Here are some opinions and views for your review:
a. Philadelphia as a World Heritage City - this was awarded by UNESCO in November 2015. Thanks to the City's elected leadership as well as to the Global Philadelphia Association, where Peter sits on the Board, during an intense 18-month period, this team created a detailed information package, determined the most persuasive channels, met key decision-makers in Canada, Europe and Latin America, and collaborated with relevant officials in Washington, D.C.
As the crucible of American democracy, the City is honored to have this unique designation, the only city in the USA.
b. Standards from the International Labor Organization Expand their Impact - 12 Pacific nations including the USA are negotiating the Trans Pacific Partnership. In addition to the core business issues, this agreement when ratified by each of the national governments will bring greater transparency to Pacific trade. Moreover, standards from the ILO, the oldest agency of the United Nations, for the textile industry will go into effect.
AGTS has access to genuine experts on these complex labor standards, to help both manufacturers as well as textile importers understand, interpret and apply these standards. This will increase their business while ensuring that workers have higher salaries and a better quality of life.
AGTS understands how to support businesses and labor organizations to implement these ILO standards in a cooperative and effective manner, within the producing countries, inside global markets, in Geneva and in Washington, D.C.
c. Challenges for sovereign wealth funds - Peter was honored to make a presentation at a conference in November 2015 on these funds, hosted by the American University in Washington, D.C. Here is a summary of his remarks.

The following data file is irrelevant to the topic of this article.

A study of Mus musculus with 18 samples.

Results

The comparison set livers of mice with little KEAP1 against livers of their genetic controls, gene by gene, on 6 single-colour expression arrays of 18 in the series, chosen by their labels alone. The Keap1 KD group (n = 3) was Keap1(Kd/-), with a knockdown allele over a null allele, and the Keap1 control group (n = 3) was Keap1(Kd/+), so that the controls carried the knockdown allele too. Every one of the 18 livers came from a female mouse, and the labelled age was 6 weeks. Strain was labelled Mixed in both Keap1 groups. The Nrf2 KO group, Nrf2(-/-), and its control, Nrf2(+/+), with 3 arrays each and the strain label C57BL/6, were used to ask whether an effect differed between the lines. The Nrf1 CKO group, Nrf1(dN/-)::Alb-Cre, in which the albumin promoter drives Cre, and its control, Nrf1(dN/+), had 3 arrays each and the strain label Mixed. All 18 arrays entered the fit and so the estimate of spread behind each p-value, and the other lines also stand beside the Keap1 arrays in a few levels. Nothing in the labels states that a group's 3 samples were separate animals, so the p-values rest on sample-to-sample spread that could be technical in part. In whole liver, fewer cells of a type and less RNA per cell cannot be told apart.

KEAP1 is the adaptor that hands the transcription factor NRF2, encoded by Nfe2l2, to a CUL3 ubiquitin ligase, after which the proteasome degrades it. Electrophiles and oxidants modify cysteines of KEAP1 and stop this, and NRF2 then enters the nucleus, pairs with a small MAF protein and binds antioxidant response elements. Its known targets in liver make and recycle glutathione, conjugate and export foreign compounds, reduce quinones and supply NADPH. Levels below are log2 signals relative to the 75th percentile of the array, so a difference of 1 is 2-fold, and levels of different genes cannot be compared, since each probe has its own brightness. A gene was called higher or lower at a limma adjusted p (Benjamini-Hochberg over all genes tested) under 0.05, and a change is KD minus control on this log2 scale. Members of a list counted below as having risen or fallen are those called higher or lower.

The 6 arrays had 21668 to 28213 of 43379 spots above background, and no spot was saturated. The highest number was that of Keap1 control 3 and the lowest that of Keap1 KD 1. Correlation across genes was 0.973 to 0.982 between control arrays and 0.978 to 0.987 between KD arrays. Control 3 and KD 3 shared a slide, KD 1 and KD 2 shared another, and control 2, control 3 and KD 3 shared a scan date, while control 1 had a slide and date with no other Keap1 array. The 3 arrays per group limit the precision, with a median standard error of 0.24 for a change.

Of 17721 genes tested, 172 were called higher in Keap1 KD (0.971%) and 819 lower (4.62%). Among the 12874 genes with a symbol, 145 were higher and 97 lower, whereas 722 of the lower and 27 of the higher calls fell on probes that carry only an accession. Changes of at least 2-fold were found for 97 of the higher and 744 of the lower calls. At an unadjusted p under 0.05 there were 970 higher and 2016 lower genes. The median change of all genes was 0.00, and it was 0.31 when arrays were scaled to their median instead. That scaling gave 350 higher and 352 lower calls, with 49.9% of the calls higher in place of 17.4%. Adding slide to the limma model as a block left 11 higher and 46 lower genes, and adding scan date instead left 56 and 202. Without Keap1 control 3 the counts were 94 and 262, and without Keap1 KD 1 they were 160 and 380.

SWFs are estimated to control over $ 7 trillion in assets around the world. If organized, they could become a new-style OPEC influencing global politics.
They face difficult challenges as financial insitutions. Normal commercial issues include: currency exchange rates, other competitors, international prices for their minerals, cybersecurity and competent management. However, SWFs should attempt to identify atypical challenges which may deliver massive shocks, weakening or even destroying a SWF. Such nasty surprises include: political/military events, terrorism, natural disasters, corruption and immigration.
Specific examples are, in the order above: Iraq's invasion of Kuwait in 1990; the bombing of a Russian aircraft in Egypt, and killings in Beirut and Paris, all in 2015; Hurricane Katrina in 2005 and the Fukushima tsunami in 2011; VW manipulation of emission controls in 2015; and refugees fleeing Iraq and Syria for Europe, also in 2015.
The leadership of SWFs must become more alert to the realities of today's interconnected yet fragmented world: an incident on one continent with one SWF can ricochet across oceans affecting other SWFs which had assumed they were too distant.
Leadership has the fundamental responsibility to plan for all contingencies, even those which are unpredictable but can be imagined, and therefore anticipated.
AGTS has the capability to advise SWFs on such nontraditional challenges, saving them from huge financial losses while helping them to meet their own goals.